Like many others after the election of Donald Trump to the presidency, Outer Sunset resident Sandy Weil was alarmed by the rise in hate crimes across the country, likening it to an earthquake.
"After the election, I was so depressed, discouraged, [and] distraught. Everything seemed to be magnified, what we were up against," she said. "Instead of a 1.2 earthquake to me, it feels like it's going to be a 9.0."
She reached out to her neighborhood with her thoughts through Nextdoor. The response—which was mostly positive and empathetic—led to an initial community gathering in November that brought together like-minded people to share their thoughts, brainstorm ideas to celebrate diversity and fight for social justice, and simply meet others in the neighborhood.
"For a first meeting, it went really well," she observed. "When people came in, there was a very different energy after people left."
One of the ideas that came out of the November meeting was the idea of unity walks. After a man verbally harassed African-American customers and also let loose an anti-Semitic harangue at the Peet's in West Portal, the group decided to hold a walk along the West Portal commercial corridor and encourage business owners to post signs declaring that they were hate-free zones in multiple languages.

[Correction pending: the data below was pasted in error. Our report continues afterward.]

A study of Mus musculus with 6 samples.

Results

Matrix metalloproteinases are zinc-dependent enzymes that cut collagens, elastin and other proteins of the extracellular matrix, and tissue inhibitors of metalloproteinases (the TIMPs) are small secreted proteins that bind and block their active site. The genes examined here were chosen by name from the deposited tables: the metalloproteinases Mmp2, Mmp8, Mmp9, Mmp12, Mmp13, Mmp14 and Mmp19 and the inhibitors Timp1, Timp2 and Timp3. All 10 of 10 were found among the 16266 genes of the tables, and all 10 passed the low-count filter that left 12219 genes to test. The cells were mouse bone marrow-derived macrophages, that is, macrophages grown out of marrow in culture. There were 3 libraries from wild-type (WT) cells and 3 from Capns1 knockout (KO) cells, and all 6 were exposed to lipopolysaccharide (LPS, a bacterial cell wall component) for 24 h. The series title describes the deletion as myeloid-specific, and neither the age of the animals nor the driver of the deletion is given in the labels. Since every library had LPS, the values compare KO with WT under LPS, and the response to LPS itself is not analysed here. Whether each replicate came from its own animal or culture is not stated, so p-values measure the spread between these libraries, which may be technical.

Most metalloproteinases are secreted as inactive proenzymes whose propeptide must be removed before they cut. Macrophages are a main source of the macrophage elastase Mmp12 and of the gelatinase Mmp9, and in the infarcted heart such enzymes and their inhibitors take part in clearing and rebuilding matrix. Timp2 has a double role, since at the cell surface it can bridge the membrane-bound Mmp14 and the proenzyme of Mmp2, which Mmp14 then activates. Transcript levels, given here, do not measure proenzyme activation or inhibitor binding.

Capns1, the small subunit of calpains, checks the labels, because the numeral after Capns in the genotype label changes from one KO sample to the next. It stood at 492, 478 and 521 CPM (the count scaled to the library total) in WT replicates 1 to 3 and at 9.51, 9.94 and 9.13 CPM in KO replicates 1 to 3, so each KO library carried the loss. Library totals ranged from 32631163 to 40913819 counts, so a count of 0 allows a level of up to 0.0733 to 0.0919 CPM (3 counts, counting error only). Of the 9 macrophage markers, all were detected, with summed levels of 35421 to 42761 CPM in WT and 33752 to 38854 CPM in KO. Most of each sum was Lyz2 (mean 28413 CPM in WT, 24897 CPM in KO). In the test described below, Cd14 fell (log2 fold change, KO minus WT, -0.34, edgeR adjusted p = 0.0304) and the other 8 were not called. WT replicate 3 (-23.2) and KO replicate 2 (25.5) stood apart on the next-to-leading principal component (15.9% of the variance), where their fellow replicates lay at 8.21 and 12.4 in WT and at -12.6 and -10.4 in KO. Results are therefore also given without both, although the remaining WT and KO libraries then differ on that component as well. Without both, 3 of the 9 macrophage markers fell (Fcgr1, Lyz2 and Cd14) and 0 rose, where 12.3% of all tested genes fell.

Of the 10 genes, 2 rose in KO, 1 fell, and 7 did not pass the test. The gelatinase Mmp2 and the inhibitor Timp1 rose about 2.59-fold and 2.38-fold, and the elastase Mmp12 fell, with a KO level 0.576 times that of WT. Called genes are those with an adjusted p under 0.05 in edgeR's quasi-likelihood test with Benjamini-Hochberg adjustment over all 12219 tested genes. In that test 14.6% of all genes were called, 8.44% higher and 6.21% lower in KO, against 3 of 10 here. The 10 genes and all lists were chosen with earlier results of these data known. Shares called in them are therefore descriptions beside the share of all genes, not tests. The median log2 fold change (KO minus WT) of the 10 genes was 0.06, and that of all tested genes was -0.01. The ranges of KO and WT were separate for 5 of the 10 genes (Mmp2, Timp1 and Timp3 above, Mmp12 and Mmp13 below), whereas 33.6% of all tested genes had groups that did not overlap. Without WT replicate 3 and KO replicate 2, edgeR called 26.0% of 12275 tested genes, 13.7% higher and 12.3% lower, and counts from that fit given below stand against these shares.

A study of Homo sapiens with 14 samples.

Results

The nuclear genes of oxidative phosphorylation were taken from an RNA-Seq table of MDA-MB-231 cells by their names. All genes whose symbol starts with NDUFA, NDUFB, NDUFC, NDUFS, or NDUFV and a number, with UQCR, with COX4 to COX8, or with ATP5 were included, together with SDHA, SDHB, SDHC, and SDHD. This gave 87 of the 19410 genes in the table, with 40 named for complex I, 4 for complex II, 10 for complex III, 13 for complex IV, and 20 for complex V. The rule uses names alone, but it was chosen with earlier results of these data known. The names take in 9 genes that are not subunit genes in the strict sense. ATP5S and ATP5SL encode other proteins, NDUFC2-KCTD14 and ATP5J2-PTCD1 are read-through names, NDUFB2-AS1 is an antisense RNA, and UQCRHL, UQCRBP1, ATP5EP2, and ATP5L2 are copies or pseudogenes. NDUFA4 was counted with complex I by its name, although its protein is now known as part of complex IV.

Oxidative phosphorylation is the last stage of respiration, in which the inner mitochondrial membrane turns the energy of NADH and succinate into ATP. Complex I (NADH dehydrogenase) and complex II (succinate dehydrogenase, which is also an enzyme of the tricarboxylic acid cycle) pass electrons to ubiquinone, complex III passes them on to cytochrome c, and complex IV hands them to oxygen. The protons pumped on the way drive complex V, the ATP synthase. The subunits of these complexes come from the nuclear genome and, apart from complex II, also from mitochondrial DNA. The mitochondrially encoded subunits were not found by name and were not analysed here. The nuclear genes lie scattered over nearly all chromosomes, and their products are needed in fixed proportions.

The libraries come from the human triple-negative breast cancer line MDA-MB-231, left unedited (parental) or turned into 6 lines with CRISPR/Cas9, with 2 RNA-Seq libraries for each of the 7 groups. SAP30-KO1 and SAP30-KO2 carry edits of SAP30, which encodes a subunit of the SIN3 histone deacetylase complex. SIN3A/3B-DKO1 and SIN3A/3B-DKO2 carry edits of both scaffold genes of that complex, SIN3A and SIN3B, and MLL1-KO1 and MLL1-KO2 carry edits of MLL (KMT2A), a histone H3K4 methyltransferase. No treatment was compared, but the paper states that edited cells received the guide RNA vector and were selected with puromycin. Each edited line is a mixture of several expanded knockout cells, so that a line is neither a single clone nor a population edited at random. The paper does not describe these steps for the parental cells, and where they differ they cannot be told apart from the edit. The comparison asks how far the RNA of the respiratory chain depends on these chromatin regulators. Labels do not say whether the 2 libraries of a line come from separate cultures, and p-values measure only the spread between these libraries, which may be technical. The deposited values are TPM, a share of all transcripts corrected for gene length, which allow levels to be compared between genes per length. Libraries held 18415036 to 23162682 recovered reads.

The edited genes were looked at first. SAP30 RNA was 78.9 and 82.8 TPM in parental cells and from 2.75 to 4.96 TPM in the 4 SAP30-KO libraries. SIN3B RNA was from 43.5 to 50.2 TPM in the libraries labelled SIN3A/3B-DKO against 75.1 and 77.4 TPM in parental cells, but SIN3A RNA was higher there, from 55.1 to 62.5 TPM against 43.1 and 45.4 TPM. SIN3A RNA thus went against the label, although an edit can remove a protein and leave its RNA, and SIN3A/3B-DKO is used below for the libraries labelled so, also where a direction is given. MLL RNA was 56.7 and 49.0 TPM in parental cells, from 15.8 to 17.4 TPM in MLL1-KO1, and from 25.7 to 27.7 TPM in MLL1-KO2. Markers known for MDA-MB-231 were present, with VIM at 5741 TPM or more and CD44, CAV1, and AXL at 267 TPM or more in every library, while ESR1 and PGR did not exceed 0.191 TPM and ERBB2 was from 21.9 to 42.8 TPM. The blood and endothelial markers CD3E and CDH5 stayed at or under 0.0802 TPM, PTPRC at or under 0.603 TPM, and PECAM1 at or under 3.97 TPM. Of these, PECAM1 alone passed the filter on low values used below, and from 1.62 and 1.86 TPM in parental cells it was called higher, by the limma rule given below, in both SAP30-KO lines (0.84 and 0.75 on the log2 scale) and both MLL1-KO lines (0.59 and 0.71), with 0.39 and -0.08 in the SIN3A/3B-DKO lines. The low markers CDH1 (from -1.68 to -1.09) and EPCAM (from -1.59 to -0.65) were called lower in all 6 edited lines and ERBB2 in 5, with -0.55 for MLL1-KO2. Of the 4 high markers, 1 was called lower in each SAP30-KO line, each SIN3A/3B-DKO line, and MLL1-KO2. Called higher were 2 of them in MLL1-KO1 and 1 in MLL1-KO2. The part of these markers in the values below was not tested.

"Everyone was very supportive. It was very positive and gratifying," said unity walk participant Stephen McCallion, who had also attended the first community meeting.
Afterwards, some participants in the unity walk went back to check if signs had indeed been posted.
"I was especially happy to see that two educational centers on West Portal had the signs up," McCallion said. "Kids need to know that they're welcome."
The nascent group, tentatively called the Sunset Social Justice Forum, is meeting again from 4:30-6:30pm today at Sunset Movement Arts at Taraval and 27th Avenue. Several other meetings and outreach activities are being planned for the new year.
Weil, who has a background in community organizing and homeless volunteer non-profits, isn't sure what direction the group will take as it evolves. And even though it came about directly as a response to Trump's election, she hopes that it can be a non-partisan group.
But one thing is certain: the focus will be on neighborhood connection and action. "I see it as a step up in whatever [social justice] activities we were involved in already," she said, "and to give people a group to do this with."
While the neighborhood response has largely been positive, some residents do not see a need for a group like this to exist.
One person on Nextdoor wrote, "There is nothing to fear but fear itself. You are a sensitive person but oh so smug. Things will work out. Quit cowering. Be happy. This uncomfortable stuff is neurotic and unproductive."
"We're getting some comments that we're making a mountain over a molehill." said McCallion about reactions to the group and its focus on social justice and diversity. "For some of us, this isn't a molehill, this is a mountain. This is important to us."